Students voice opinions on hybrid switch


Evan Frank

A newly-renovated classroom arranged with distanced desks and hand sanitizer at the door to fit COVID guidelines. Hybrid students will return to school on February 22.

Shorewood students and families were tasked with a difficult decision: choosing whether their kids should return to Hybrid education two days a week, or remain in the Virtual+ model for the rest of the third quarter. For most, in-person opportunities are more rewarding academically and socially, but the risks associated with attending school pose significant challenges.

“I think the most important thing is just making sure that it is safe for you to go back, personally, because everyone is obviously in a different place with COVID,” said Sadie Cumberbatch, senior and student representative on the school board.

Cumberbatch, along with approximately 60% of the student body, has chosen the hybrid model because she is confident that risks will be minimized as much as possible through school protocols, and she misses opportunities to communicate with her peers.

“It’s my senior year, so I want to go back. I want to experience my last semester as normally as possible, and when I can go back I will go back,” Cumberbatch said.

Cumberbatch does not live with anyone at high risk of severe illness from the virus, nor is she herself, which helps simplify her decision. For other students this may not be the reality.

“I definitely did not want to be going out in public and then going to school and seeing all these people, and then exposing myself to my grandparents especially since they are both over 80,” said Niamh Hade, junior. “We are in a pandemic and I just don’t think it is worth the risk.”

Hade lives above her grandparents in a duplex, and her family takes many precautions to make sure they are minimizing the chance of transmission.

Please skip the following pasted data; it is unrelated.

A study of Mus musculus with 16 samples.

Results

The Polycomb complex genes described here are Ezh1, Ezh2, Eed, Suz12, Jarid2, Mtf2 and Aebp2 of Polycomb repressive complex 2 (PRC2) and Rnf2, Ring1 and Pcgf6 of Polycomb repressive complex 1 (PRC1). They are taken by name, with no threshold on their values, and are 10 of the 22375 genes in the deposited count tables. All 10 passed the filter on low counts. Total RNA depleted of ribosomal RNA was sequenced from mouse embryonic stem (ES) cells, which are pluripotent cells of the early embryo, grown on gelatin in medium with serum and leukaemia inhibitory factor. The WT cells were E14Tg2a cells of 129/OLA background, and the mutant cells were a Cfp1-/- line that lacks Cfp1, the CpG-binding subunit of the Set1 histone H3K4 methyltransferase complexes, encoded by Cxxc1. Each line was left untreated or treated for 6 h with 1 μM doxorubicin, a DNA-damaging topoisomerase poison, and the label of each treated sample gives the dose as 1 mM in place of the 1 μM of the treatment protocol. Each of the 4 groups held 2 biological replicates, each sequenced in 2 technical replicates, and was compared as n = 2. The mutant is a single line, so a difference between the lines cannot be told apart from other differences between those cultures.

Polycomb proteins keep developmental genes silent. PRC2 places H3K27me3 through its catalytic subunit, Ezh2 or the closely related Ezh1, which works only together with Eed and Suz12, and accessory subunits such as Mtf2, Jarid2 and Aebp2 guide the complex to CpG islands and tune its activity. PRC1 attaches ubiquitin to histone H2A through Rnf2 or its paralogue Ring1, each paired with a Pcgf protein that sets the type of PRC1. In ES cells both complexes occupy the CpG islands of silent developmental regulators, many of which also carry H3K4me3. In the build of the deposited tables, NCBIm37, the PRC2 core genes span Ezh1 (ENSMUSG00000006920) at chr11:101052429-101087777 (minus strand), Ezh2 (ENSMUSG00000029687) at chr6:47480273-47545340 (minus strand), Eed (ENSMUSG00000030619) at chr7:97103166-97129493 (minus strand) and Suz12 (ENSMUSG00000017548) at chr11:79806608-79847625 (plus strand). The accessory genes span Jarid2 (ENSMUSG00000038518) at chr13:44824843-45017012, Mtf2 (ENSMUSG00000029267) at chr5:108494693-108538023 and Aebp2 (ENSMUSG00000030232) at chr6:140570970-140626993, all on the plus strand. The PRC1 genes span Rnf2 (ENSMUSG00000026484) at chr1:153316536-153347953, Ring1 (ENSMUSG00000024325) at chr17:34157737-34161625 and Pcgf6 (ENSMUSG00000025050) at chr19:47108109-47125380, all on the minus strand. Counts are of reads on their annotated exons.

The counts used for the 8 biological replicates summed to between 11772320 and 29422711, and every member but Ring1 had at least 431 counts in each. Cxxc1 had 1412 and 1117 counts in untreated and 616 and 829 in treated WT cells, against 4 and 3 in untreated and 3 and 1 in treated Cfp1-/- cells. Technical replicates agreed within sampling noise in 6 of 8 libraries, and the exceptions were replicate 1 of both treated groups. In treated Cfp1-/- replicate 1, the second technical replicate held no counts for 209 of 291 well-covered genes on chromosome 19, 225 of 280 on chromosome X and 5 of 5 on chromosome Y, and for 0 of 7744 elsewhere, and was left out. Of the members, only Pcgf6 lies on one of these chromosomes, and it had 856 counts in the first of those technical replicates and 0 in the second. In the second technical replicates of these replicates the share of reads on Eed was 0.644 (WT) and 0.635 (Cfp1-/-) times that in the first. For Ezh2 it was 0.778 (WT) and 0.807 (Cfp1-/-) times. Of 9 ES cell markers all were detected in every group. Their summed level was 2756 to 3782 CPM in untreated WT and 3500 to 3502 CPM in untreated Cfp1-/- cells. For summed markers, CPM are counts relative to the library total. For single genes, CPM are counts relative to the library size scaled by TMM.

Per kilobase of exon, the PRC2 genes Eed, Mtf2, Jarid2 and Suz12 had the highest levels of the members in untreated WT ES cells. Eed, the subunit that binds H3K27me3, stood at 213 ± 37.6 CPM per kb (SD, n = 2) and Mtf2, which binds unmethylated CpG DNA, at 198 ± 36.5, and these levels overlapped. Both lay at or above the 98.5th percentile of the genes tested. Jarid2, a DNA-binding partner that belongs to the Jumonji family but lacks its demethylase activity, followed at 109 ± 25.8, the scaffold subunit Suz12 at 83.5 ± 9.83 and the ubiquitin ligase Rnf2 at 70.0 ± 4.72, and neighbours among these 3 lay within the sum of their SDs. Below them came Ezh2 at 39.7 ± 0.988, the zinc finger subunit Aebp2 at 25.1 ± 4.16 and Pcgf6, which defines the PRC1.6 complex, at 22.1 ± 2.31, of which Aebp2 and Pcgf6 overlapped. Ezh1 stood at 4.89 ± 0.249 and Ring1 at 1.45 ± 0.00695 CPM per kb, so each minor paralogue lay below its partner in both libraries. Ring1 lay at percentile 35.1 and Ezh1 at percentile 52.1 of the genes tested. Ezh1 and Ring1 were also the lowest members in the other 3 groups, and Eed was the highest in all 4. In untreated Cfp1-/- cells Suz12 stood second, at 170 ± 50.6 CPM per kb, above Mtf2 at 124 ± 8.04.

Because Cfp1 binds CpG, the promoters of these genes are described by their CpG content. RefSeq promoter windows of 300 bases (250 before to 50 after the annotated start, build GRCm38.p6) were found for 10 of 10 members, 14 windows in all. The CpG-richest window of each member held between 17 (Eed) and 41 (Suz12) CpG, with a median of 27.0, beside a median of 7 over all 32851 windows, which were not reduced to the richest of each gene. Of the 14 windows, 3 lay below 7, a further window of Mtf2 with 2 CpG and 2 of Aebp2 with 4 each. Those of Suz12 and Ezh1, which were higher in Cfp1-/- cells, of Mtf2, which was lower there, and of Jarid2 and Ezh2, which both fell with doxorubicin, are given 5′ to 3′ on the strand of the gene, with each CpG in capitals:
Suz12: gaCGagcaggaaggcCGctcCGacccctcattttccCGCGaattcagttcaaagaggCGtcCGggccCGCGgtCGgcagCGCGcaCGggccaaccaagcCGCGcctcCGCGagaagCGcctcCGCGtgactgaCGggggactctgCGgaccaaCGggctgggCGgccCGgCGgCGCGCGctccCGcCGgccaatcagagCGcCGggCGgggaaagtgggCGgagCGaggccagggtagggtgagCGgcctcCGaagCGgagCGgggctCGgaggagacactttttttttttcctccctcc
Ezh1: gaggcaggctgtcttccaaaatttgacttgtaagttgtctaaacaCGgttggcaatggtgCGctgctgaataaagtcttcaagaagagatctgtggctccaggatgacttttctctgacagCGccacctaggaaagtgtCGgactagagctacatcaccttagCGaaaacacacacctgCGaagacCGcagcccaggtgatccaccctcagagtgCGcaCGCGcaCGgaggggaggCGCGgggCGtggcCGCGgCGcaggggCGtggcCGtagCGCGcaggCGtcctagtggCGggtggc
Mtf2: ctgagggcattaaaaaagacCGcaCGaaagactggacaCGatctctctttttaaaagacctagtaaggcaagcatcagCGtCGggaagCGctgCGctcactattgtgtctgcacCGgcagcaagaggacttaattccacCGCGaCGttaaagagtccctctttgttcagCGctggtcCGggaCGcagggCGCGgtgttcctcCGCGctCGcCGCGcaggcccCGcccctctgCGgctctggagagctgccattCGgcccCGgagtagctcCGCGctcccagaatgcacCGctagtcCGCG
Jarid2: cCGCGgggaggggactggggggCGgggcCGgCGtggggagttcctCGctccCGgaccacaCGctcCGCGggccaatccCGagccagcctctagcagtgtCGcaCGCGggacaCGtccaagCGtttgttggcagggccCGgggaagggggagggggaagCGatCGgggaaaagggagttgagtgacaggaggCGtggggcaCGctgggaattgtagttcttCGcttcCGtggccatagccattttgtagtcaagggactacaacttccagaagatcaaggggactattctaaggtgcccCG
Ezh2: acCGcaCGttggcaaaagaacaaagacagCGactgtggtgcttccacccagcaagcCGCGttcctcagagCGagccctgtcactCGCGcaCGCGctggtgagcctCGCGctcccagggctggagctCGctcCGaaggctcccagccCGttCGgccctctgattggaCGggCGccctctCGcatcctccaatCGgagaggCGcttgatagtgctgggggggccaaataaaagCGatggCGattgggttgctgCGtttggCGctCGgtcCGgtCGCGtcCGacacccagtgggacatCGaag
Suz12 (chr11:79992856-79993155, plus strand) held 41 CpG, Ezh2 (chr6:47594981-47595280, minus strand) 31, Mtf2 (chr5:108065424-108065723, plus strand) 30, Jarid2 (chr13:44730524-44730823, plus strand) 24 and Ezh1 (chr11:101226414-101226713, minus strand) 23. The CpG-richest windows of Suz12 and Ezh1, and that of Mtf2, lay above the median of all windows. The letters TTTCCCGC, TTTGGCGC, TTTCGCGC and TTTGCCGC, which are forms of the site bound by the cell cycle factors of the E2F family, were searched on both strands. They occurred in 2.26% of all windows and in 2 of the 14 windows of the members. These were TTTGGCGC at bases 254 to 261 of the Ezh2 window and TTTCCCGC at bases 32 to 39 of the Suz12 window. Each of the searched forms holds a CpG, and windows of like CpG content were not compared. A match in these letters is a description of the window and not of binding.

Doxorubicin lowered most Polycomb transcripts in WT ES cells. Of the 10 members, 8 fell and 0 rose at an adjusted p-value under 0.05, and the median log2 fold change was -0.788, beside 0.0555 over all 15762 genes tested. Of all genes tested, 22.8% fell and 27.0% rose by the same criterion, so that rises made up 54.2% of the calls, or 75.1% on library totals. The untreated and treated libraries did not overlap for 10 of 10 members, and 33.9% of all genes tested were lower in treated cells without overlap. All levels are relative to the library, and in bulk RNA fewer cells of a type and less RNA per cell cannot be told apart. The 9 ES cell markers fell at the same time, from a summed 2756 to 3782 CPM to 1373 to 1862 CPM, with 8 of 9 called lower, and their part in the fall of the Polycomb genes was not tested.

“Our entire family has basically been trying to avoid them, and whenever we do come in contact with them we try to keep our distance and we are always wearing masks. We only see them about twice a week,” Hade said.

Hade also doesn’t want to make a transition to a whole new model of learning, and is less inclined to come back for social reasons as many of her friends would be on campus for the other hybrid days.

“I just didn’t want to have to try to adjust to a whole new thing,” Hade said. “And having already adjusted to this new virtual thing for the whole school [year], I just figured it would be a lot easier. A lot of my friends are in the other group, so we would never see each other even in the hallways or anything and I thought that might make it a lot more difficult to even hang out with them outside of school.”

For other students the lack of socialization during the school day is more than enough reason to return to school, even if they may not be on campus the same day as their friends.

“I decided to go hybrid because I need the socialization with it, because I’ve been very isolated and I also think that I will have a better understanding of the material I am supposed to be learning,” said Jamie Puppe, junior.

Even though it may be difficult to make the transition, Puppe is hopeful that once she adjusts she will reap the benefits of having increased academic engagement and peer support.

“I think everyone acknowledges the risk that is associated with going back to school. I know for me at least, because I haven’t seen that many other people, it’s going to be a big adjustment to be surrounded by so many people again” Puppe said.

Regardless of the decision Cumberbatch, Hade or Puppe made, they all emphasized the importance of making safe individual decisions and minimizing exposure through mask-wearing and other precautions. 

“From what I understand, the transmission from schools isn’t that high, so I think as long as people are enforcing masks and distancing then it should be ok,” Puppe said.

I feel like it’s mostly just a personal choice, but people need to know that their actions affect everyone else.

— Niamh Hade, junior

“I feel like it’s mostly just a personal choice, but people need to know that their actions affect everyone else. If you choose to not wear a mask and you choose not to be really careful then you’re hurting other people as well,” Hade said.

“Make sure you are making the right decisions; be informed,” Cumberbatch said.